Believe it or not, we didn't spend all of 2014 watching dancing divas on YouTube but actually read quite a few worthwhile tomes. Below, we select our ten favorite books of 2014.

1. The Martian by Andy Weir
Started as a serial blog and then the hardback came out this year. A timely tale about being stranded on Mars that's scientifically accurate and funny at the same time. Coming this fall: the movie directed by Ridley Scott (and a soundtrack with disco music?).

2. Let's Talk About Love: Why Other People Have Such Bad Taste by Carl Wilson
An expanded version of Wilson's 2007 book for the 33 1/3 series with additional thoughts from 13 writers including James Franco, Ann Powers, Nick Hornby and others. An incredible look at pop culture -- and Celine Dion.

3. The Interior Circuit: A Mexico City Chronicle by Francisco Goldman
The first part of this book will make you book a flight south for the winter -- and the lack of a resolution to the whodunnit in the second part will drive you crazy. Again, a super-timely tale.

4. The Son by Jo Nesbo
Love (almost) all of his novels and this is one of the best, but also the most violent. Unlike Frozen, it might make you re-think that trip to Oslo. (We went last summer, didn't see any junkies or crooked cops, and are going back this year.)

5 & 6. Being Mortal: Medicine and What Matters in the End by Atul Gawande and Can't We Talk About Something More Pleasant by Roz Chast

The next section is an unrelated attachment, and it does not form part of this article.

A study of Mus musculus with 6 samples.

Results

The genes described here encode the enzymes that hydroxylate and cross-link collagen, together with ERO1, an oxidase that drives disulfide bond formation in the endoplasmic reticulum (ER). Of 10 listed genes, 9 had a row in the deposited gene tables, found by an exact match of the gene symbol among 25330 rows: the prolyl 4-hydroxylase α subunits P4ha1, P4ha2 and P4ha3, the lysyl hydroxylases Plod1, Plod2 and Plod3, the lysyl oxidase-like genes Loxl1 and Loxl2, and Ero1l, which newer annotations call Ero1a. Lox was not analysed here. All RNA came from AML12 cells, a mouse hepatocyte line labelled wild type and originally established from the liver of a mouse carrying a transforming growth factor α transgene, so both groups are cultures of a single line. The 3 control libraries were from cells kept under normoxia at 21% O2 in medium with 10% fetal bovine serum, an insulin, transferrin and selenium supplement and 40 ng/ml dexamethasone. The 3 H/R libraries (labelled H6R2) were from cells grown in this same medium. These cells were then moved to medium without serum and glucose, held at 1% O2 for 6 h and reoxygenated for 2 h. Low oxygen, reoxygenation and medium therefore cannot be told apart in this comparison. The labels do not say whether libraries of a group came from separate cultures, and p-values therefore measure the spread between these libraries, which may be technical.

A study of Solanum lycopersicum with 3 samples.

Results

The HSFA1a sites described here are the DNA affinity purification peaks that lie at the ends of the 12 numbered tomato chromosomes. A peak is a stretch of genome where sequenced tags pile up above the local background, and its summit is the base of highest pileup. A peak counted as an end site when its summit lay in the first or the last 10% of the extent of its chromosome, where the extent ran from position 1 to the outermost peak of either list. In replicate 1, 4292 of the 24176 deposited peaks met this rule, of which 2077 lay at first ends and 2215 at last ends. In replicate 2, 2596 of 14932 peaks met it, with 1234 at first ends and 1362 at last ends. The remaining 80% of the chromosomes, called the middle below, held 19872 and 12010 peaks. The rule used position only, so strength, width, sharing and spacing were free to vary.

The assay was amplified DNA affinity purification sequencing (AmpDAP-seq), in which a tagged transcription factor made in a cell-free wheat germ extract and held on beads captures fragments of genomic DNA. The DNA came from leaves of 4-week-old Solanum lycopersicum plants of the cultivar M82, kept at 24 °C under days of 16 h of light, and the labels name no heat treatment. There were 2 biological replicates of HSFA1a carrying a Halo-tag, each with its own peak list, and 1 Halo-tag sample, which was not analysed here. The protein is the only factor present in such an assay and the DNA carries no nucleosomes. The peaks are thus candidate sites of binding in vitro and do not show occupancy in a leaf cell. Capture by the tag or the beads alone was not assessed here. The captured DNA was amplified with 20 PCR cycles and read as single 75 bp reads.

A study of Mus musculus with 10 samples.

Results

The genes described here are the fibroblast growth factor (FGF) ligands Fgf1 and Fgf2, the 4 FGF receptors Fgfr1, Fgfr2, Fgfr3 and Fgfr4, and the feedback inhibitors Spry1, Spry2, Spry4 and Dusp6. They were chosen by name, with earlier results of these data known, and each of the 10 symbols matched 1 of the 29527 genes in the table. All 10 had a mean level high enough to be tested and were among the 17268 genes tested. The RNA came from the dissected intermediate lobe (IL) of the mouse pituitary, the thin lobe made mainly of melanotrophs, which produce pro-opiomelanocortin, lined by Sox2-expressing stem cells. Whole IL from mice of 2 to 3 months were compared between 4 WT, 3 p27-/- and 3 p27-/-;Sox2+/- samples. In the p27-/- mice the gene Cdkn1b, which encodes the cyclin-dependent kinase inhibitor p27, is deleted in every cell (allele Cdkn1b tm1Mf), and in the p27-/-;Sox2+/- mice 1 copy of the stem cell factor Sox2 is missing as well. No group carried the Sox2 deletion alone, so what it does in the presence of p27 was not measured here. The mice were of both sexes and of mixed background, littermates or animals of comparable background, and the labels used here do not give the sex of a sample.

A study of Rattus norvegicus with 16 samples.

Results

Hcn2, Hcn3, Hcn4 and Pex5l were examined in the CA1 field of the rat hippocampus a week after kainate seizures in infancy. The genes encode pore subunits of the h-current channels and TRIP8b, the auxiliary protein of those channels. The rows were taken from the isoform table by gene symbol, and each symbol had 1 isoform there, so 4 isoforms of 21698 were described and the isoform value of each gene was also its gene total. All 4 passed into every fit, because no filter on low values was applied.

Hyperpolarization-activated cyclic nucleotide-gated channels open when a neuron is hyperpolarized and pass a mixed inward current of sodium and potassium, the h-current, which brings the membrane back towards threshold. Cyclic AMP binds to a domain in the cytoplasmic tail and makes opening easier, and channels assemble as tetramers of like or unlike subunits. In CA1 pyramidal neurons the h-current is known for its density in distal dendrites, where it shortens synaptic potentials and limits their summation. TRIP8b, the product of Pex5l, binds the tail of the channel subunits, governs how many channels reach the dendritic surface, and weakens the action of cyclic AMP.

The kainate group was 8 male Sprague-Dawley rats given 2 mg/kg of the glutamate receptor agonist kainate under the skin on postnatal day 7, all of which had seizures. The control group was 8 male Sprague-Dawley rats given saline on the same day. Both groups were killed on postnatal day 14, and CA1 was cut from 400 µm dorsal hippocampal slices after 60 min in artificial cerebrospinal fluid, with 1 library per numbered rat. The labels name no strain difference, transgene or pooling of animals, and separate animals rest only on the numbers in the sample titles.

Two books about life and death: The first makes you think twice about the money spent to keep people alive and the second makes you laugh at the golden years.

7. Black-Eyed Blonde: A Philip Marlowe Novel by Benjamin Black
A perfect facsimile of Raymond Chandler by John Banville using the pen name "Benjamin Black." More, please.

8. The Gods of Guilt by Michael Connelly
I still remember the summer that I discovered Connelly -- 2000, Void Moon -- and have since read (almost) every book. Yes, this came out in 2013, but I read it this year. I promise to read The Burning Room (his newest) in January.

9.  Little Failure: A Memoir by Gary Shteyngart
He writes a novel at age 5, moves from Russia to Queens, gets an asthma inhaler and goes to Hebrew school. All the above (and much more) makes for one hilarious memoir. I'm changing my name to" Igor."

10. World Without End: The Global Empire of Philip II by Hugh Thomas
Part three of a brilliant trilogy on the history of the Spanish Empire -- don't skip the first two (or Thomas' classic tale of Cortes and Montezuma, Conquest.)